From Bloomberg – 19 August 2010 – Stuart Biggs reports: New Zealand’s sheep farmers are flocking to a government carbon trading program that pays more to plant trees than sell wool and mutton.

The system, begun in 2008 and the only one of its kind outside Europe, awards farmers credits that are sold to offset greenhouse gas emissions. The project may earn them about NZ$600 a hectare ($172 per acre) a year on land unprofitable for grazing animals, said David Evison, a senior lecturer at the University of Canterbury’s New Zealand School of Forest

Forests planted for carbon credits may increase to 30,000 hectares a year compared with 3,500 hectares in 2009, the government estimates. The system is a welcome alternative for sheep farmers who’ve struggled for decades from a combination of slumping wool prices, drought and competition for land from the dairy and lumber industries, says Neil Walker, a forester in the Taranaki region of New Zealand’s North Island.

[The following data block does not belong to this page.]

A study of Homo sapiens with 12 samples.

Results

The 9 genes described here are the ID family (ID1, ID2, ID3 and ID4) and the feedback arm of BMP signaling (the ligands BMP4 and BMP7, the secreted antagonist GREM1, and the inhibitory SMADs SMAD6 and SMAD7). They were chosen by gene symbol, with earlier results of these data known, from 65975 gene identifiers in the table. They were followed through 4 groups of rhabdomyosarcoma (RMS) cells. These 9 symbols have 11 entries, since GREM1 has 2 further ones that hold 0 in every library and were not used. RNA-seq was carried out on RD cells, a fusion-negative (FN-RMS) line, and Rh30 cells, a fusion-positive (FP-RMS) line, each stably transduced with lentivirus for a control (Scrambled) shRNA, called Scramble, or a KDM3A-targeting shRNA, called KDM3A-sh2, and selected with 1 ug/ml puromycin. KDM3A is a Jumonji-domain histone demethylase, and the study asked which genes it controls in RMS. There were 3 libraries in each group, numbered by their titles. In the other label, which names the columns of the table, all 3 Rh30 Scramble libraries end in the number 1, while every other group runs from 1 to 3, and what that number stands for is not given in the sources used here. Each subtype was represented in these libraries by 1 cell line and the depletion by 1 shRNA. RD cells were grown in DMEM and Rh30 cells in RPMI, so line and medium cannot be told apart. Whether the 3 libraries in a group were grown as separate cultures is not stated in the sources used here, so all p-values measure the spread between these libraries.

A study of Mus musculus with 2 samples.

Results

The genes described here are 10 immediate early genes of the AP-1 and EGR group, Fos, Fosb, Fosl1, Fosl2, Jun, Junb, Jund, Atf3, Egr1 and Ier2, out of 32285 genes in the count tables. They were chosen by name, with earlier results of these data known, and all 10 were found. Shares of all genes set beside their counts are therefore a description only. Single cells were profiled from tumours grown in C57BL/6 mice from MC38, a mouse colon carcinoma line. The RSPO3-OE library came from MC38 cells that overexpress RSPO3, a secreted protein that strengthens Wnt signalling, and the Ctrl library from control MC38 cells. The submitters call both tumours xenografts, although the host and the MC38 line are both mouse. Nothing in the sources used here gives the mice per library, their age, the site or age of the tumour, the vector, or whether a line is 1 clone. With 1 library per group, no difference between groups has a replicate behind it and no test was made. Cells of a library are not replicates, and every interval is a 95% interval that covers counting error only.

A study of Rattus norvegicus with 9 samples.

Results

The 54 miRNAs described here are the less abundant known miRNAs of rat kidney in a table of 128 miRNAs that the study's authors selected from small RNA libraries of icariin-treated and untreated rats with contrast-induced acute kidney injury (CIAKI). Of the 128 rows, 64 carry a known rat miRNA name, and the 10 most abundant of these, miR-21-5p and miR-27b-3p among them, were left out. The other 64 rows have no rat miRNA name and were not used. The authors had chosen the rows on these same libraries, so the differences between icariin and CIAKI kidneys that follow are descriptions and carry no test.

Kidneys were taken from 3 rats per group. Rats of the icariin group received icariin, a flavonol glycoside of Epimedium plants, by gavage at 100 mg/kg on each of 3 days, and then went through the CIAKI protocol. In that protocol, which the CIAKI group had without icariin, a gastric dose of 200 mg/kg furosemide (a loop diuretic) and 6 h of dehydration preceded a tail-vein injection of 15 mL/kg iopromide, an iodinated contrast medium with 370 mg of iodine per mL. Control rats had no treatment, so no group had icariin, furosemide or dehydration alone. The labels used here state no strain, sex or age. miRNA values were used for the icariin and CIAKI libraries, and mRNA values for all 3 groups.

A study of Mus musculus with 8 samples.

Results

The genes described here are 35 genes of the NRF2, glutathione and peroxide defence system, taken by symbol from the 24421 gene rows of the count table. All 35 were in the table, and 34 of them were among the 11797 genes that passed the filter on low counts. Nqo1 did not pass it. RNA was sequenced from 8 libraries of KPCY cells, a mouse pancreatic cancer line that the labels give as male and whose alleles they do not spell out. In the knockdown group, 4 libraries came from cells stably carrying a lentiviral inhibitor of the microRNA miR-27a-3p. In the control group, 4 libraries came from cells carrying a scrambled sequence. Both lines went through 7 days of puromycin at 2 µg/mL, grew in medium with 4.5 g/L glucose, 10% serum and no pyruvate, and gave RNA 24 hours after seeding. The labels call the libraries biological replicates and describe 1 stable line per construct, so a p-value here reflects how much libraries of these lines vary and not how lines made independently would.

“If you’re an industry in decline, you have to see what options are available,” said Walker, who also heads the Taranaki Regional Council’s policy and planning committee. “There’s an economic case to be made for converting hill- country sheep farms to forests.”

Sheep have been in decline for decades and have fallen in number from a 1982 peak of 70 million to about 40 million, official data show. Carbon trading is embraced by some farmers and rejected by others as too harsh a change for New Zealand, the world’s biggest sheep meat exporter last year.